What Why Where When, but Not Who, How, How Many or How Much

Dictionaries tell you that the consonantal initiations of the first four words here were spelled ‘hw’ in Old English (Anglo-Saxon). I realize that it’s said that some people pronounce the starts of these words with a voiceless ‘w’ (just a blow of air), but I’ve never heard anyone do that in this country (US). Why, when, where, and by whom or what, were these words changed in their spellings, whuh? And what for is ‘who’ and ‘how’ different, whuh? Yeah, OK, ‘how’, apparently, was never spelled with an ‘hw’.

Ray (Whewh!)

Don’t know when the letters were reversed (probably by the French scribes after the Norman Conquest, who are responsible for a lot of the oddities in the language). However, there are certain sections of the country where the initial “h” in “wh” are spoken. I seem to recall it was in the midwest, but the dialect map I remember is over 35 years old, so it’s possible it’s hcnaged.

“What we have here is failure to communicate.” – Strother Martin, anticipating the Internet.


Unsure of the actual change, but I was taught a little about the change in spellings of some words. For example, “fishes” (now accepted as a plural) evolved directly from “pisces”. The “p” sounds faded into a softer tone “f”, and the “sc” blended into “sh”.

Looking through the dictionary, it seems the /hw/ is a dipthong (tonal sound). Numerous “wh” words have the /hw/ dipthong. But, I can’t say just how the switch in spelling occurred.

“They’re coming to take me away ha-ha, ho-ho, hee-hee, to the funny farm where life is beautiful all the time… :)” - Napoleon IV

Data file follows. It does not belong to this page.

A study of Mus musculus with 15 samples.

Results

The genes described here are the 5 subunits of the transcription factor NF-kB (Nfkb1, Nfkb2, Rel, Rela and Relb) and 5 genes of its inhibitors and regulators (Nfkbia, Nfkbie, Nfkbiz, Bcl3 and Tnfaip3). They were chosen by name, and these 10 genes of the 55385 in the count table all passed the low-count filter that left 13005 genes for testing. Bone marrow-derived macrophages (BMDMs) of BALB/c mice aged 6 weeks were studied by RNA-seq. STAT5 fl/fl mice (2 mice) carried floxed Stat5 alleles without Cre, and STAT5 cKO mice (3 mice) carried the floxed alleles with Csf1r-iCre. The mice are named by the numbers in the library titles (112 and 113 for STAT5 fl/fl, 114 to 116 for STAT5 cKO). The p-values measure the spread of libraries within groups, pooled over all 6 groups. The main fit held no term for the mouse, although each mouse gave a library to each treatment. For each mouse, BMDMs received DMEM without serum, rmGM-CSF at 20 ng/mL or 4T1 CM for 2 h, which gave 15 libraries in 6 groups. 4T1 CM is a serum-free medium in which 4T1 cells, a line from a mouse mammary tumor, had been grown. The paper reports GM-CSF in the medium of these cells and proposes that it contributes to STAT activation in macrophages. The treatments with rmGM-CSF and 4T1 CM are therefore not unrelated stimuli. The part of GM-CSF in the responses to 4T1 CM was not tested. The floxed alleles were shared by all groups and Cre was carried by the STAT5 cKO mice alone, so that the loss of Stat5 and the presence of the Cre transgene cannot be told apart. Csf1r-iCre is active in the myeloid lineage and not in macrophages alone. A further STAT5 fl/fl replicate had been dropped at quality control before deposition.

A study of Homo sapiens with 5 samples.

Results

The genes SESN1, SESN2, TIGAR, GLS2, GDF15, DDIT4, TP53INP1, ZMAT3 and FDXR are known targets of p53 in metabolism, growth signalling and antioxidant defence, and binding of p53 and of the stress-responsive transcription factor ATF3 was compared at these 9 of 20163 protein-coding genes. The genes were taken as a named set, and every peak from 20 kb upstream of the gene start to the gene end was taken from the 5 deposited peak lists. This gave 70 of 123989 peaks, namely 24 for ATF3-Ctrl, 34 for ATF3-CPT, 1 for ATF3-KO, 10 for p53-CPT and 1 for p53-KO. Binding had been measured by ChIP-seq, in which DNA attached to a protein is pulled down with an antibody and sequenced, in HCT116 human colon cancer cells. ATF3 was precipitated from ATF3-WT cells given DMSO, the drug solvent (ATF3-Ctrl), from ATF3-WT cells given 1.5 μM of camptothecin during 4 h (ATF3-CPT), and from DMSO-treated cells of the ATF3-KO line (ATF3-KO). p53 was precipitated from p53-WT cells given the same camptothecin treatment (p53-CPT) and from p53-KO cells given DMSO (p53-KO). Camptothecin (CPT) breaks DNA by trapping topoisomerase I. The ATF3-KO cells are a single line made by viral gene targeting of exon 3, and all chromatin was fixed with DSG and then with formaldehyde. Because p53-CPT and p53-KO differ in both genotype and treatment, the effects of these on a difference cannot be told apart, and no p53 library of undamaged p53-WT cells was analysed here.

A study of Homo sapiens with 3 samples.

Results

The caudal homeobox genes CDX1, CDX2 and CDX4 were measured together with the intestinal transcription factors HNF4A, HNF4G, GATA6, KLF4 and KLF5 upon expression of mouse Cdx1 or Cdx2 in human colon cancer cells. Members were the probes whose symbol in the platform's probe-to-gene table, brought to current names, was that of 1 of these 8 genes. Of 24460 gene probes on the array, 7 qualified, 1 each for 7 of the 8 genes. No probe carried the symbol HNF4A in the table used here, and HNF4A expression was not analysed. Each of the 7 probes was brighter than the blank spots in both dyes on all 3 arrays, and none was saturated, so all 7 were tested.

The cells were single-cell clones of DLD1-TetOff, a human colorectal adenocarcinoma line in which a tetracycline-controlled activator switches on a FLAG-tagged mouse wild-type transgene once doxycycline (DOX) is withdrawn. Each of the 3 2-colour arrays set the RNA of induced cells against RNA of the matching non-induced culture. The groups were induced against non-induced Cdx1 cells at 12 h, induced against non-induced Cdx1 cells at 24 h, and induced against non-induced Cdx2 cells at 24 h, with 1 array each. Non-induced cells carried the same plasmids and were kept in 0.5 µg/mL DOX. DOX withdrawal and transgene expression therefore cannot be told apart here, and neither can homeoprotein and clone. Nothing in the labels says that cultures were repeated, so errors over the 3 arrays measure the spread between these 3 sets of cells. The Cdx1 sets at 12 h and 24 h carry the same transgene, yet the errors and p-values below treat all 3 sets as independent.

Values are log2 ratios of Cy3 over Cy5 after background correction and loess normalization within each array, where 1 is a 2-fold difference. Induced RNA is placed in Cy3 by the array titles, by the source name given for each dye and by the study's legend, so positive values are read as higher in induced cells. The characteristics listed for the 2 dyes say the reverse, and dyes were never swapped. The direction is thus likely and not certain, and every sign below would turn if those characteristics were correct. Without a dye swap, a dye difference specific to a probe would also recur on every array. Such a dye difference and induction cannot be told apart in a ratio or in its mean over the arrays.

I was interested in phonetics as a child, and clearly remember observing that the people around me pronounced “wh” correctly in central Maine in the 50’s. But it’s disappeared lately – I don’t know whether that’s New Jersey or the passage of time.

“Fishes” certainly did not evolve from “pisces”. No doubt they have the same Indo-European root.

John W. Kennedy
“Compact is becoming contract; man only earns and pays.”
– Charles Williams

Not sure but it got all that dust off my screen. Thanks.

Are you driving with your eyes open or are you using The Force? - A. Foley

the americans like to bastardize all english words…they get a kick out of it

Once again, Word Mavens to the rescue!

“The dawn of a new era is felt and not measured.” Walter Lord

“Fishes” and “Pisces” are indeed cognates (i.e., have a common Indo-European root – in this case *piesk-). They are a perfect example of Grimm’s Law of phonetic change.

Yes, the same Grimm of Fairy Tale fame (or one of them).

“What we have here is failure to communicate.” – Strother Martin, anticipating the Internet.